Mainers have a tough choice Tuesday, Nov. 2, in the form of Question 1.

John Balentine, a former managing editor for the Lakes Region Weekly, lives in Windham.

Do voters allow Central Maine Power to erect a high-wattage electrical transmission line through 53 miles of Maine forest from The Forks to the Canadian border to tap into Hydro-Quebec’s network of hydropower electric dams?

This referendum, more than any in recent memory, isn’t an easy one for either side. It’s nuanced. It requires determining the lesser of two evils. It’s what one might call a conundrum.

Because the so-called New England Clean Energy Connect project has both positives and negatives concerning Maine’s environment and New England’s power needs, Maine voters have a big responsibility on Nov. 2 that will not only affect us, but the wider region as well.

Here’s the wording of Question 1: “Do you want to ban the construction of high-impact electric transmission lines in the Upper Kennebec Region and to require the Legislature to approve all other such projects anywhere in Maine, both retroactively to 2020, and to require the Legislature, retroactively to 2014, to approve by a two-thirds vote such projects using public land?”

Before urging you how to vote, I have major issues with the question itself.


First, the wording is confusing and demands mental calisthenics, and I bet many will vote “no” when they mean “yes.” Many will dispense with a careful reading of the question and vote “yes” thinking that will approve the project while others will vote “no” thinking that will halt it.

And because the wording is so poor, no one will know for sure the true wishes of Maine voters. That’s a problem and one I lay at the feet of the secretary of state, who approves the final wording of ballot questions.

Second, Maine’s referendum process is infamously overused and abused, and this is just another instance.

I recently traveled to the area where the corridor is being built  – yes, CMP is moving quickly with the project, having already spent about $300 million of the estimated $1 billion it plans to spend on the project, which is supposed to be complete by 2024. Crews have already done most of the land clearing, and line infrastructure is being stored on site waiting for the all-clear – and there were many corridor-opposing signs in residents’ front yards.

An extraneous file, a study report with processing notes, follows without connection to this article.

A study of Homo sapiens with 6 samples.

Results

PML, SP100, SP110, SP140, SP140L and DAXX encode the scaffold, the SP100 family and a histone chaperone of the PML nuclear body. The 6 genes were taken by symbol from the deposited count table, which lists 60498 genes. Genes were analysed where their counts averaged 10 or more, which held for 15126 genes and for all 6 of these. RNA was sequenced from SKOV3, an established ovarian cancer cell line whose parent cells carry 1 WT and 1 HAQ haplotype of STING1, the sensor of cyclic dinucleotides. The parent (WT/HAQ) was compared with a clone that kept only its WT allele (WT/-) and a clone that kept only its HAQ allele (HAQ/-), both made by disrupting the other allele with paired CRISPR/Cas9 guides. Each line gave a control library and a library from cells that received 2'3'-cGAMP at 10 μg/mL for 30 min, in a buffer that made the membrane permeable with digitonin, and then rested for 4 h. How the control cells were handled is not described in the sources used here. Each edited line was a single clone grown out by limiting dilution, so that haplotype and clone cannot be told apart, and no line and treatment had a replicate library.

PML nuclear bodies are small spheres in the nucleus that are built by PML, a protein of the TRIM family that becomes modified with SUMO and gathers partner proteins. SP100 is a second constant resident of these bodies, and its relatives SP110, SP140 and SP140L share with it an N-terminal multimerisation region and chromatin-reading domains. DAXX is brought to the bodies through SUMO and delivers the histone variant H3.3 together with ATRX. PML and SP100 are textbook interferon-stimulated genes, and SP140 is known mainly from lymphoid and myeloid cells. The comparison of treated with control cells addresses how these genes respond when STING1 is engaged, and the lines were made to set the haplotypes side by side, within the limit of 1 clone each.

NIMBYs (Not In My Back Yard) can’t always be trusted to act in the benefit of all, but why is someone from Bath or Kittery or Castine being asked to OK something for these folks’ backyards? This is a perfect issue for the Legislature to decide, not the voters, most of whom probably don’t even know where The Forks is.

With that said, the crux of the Question 1 conundrum is this: Do we put up with unsightly clear-cutting and tall transmission lines to allow the conveyance of sustainable clean energy through the forests of western Maine to power Massachusetts’ ever-expanding energy needs, reduce Mainers’ electric bills, put lots of people to work and reduce New England’s overall carbon emissions?


Or do we vote to ban the project, thereby sparing the natural habitat and scenic views that locals and recreational enthusiasts argue should be forever preserved?

It’s a tough choice, especially for those of us who love the outdoors, but I’m voting “no” because sustainable energy is a noble goal. Hydroelectric power is possibly the cleanest alternative to oil and gas. And it’s more reliable than solar and wind.

While I’m no fan of wide swaths of transmission lines (and, actually, the corridor is only supposed to be 54 feet wide through much of the 53-mile-long proposed corridor), I realize humans can’t help but make an impact on their environment. We have lots of natural impact already: canals, buildings, roads, light pollution, dumps, ski resorts and even whole cities, which on Google Earth look like concrete-crusted scars on the landscape and serve as heat sinks. The list of manmade impacts on nature is endless.

Supporters of Question 1 believe the transmission line is too great a price to pay for clean energy. They think the line is unnecessary devastation on this section of woodsy wilderness (which is actually owned by paper companies). I’ve long thought they are shortsighted in opposing this project and eschewing a clean, sustainable, reliable source of energy that will benefit many future generations.

Ironically, many of these same environmental groups were instrumental in removing many of Maine’s hydroelectric dams in order to promote fish passage over the last several decades. If we still had those dams, maybe Massachusetts could have received its electricity from Maine hydropower and we could have avoided the transmission line to Canada altogether? It’s funny how things come back around.

Last, but not least, rarely do we have a chance to vote for something that will better the environment and provide jobs and spur the economy. They’re usually mutually exclusive. But in this CMP project, we can help Massachusetts tap into clean power while at the same time providing jobs and lowering costs for Maine utility ratepayers.

It’s a devil of a question to be sure, but there seems to be more pros than cons. I hate to agree with Gov. Janet Mills on anything, but she and I agree on this one. Vote “no” to build the line. Tap hydropower. Lower electricity rates. Reduce our dependence on gas and oil.